On Friday, March 15, I went to the annual demonstration against police brutality in Montreal. I went knowing that police brutality is an awful thing, and something I should protest. I went having never been subjected to police brutality. I went with an understanding that many other protesters would have more personal reasons for being there.
But I also had the naïve and slightly self-centered idea that the only people who got arrested at these demos were trouble-makers who, though they probably had valid reasons for their actions, were still doing something they knew could get them in trouble.
Looking back, that was the most ridiculous thing I could have thought. Within ten minutes of arriving at the starting point, I saw cops pushing over cyclists and threateningly cracking their batons on their shields. Five minutes later, they randomly snatched a girl from her group of friends and held her face-down on the street. From that point on, lines of riot police began to section off the group, herding them in different directions. My group ran from one cluster of cops and ended up face to face with another line, and were then pinned against the wall of a building and held for almost two hours. We were arrested, handcuffed and put on city buses which took us to a police station by Langelier metro. This was all, from what I had seen, unprovoked, unwarranted, and completely unnecessary.
The police don’t care whether your demo is peaceful or not, whether you walk on the sidewalk when they tell you to, whether you wear a mask, or if you yell “fuck the police.” They are there to do a job, and that job is to crush any dissent, any voice that even whispers a question about their authority. To them, you are deserving of a $637 fine just for standing with your friends and believing that police brutality is wrong.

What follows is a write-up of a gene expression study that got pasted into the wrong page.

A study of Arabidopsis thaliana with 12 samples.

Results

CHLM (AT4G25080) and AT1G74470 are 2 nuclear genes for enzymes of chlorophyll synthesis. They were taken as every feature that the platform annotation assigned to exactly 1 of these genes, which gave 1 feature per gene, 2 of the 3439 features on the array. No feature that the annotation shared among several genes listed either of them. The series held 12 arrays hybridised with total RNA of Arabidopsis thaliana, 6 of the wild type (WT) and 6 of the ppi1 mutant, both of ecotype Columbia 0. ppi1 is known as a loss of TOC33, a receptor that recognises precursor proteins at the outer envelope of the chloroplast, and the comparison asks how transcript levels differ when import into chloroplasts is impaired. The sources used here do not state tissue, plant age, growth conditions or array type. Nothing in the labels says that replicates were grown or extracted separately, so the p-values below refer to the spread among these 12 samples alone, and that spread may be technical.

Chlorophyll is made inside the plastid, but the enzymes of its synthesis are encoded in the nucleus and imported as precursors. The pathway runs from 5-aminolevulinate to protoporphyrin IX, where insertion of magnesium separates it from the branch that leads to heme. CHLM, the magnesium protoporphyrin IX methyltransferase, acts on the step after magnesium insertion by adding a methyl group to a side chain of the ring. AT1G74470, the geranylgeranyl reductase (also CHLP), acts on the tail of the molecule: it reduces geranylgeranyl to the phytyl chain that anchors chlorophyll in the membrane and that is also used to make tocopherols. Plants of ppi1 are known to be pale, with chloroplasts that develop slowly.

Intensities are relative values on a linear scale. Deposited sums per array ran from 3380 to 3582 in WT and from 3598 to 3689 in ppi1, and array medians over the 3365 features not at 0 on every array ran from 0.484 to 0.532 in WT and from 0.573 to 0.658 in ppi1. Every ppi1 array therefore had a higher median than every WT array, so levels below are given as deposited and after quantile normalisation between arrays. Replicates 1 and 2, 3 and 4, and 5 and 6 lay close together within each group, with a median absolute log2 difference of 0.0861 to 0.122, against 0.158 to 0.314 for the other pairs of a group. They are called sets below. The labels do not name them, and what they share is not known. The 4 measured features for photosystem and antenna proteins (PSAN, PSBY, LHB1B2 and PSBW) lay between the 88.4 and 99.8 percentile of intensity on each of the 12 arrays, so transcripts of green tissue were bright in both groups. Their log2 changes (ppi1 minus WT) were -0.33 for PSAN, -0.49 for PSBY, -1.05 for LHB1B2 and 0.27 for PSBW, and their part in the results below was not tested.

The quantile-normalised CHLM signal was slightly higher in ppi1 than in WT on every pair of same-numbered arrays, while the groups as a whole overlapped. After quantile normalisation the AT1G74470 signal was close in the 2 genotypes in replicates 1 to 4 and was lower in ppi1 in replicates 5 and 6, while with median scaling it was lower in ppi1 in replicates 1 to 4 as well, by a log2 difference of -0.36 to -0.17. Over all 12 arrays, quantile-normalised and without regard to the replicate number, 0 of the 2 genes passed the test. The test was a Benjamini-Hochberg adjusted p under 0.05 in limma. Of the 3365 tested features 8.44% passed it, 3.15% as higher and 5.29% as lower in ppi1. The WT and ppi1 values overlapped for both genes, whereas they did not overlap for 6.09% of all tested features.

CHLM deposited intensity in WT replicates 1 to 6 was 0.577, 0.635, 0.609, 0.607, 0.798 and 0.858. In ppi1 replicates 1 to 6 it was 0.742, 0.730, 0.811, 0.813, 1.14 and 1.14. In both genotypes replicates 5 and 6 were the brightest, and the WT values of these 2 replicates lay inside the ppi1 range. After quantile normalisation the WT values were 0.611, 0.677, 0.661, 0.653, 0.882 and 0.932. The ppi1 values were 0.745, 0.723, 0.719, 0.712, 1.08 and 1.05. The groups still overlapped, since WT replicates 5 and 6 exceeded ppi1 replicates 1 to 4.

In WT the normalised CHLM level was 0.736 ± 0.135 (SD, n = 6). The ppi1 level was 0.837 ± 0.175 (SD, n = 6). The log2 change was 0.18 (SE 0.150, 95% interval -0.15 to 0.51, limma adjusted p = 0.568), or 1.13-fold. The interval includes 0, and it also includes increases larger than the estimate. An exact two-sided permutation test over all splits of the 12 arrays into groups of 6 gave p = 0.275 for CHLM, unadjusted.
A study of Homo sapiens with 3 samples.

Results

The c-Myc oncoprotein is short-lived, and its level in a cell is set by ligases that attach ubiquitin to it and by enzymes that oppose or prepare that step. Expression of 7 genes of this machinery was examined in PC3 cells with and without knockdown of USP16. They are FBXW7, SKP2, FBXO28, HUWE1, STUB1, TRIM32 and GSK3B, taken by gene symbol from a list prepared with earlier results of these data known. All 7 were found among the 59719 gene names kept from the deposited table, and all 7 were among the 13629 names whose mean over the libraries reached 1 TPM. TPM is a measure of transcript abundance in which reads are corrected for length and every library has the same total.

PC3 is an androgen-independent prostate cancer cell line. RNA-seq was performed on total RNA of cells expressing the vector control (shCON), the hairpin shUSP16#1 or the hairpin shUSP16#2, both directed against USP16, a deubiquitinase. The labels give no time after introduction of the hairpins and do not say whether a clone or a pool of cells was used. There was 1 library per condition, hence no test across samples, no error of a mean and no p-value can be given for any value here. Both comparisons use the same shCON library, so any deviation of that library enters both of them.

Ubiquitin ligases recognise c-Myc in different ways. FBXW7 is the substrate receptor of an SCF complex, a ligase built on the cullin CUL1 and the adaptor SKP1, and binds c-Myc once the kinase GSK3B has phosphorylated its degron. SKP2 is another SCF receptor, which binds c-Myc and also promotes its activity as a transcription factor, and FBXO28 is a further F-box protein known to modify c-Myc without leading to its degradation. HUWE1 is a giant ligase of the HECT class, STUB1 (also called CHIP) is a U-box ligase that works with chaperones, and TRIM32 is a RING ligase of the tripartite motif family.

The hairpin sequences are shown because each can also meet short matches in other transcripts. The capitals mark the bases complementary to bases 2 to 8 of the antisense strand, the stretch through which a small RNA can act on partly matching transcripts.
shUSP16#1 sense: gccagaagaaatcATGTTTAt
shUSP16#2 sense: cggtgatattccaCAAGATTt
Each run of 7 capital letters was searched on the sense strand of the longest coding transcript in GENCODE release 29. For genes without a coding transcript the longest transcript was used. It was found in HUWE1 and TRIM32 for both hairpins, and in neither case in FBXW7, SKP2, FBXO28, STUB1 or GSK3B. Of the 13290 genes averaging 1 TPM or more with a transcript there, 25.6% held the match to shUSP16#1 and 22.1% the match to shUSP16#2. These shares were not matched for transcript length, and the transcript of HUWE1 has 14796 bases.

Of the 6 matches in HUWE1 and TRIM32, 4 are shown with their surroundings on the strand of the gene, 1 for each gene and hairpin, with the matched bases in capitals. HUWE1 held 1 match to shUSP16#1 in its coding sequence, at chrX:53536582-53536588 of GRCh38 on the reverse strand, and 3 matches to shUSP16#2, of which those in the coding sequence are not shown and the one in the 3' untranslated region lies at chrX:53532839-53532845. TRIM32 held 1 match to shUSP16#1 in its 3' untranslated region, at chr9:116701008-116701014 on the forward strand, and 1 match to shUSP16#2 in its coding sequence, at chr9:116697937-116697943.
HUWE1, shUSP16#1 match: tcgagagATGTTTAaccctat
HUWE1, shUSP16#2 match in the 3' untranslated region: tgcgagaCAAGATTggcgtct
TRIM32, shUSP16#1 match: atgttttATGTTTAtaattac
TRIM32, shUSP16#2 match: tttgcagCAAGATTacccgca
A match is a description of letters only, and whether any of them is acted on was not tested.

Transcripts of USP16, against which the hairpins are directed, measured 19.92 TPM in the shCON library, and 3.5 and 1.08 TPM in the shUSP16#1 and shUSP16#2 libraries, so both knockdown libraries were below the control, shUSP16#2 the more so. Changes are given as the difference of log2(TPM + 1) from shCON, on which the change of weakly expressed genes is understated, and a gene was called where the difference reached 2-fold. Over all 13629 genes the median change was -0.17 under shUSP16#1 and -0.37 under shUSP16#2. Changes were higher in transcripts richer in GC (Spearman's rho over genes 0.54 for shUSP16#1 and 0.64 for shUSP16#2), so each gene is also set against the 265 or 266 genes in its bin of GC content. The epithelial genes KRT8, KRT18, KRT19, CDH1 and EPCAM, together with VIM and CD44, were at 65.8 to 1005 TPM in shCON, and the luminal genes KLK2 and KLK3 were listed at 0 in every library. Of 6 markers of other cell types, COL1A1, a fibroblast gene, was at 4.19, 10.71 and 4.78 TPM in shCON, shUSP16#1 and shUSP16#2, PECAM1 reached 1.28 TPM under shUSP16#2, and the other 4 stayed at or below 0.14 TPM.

The police weren’t there to serve or protect anything that night except their own interests. The people that kept me and my friends safe during the ordeal were those who shared their Goldfish crackers and water bottles and chanted the number of a lawyer. Those who maintained my faith in humanity, as stupid as it sounds, were the protesters who waited for us with food and coffee, hugs and solidarity, after the cops let us go. The actions of the police removed any lingering belief I had left in their capacity to support social justice, and the actions of my fellow ‘criminals’ reminded me why we should not give a shit about the police.
*Anne Arky is a pseudonym. Send comments to firstname.lastname@example.org.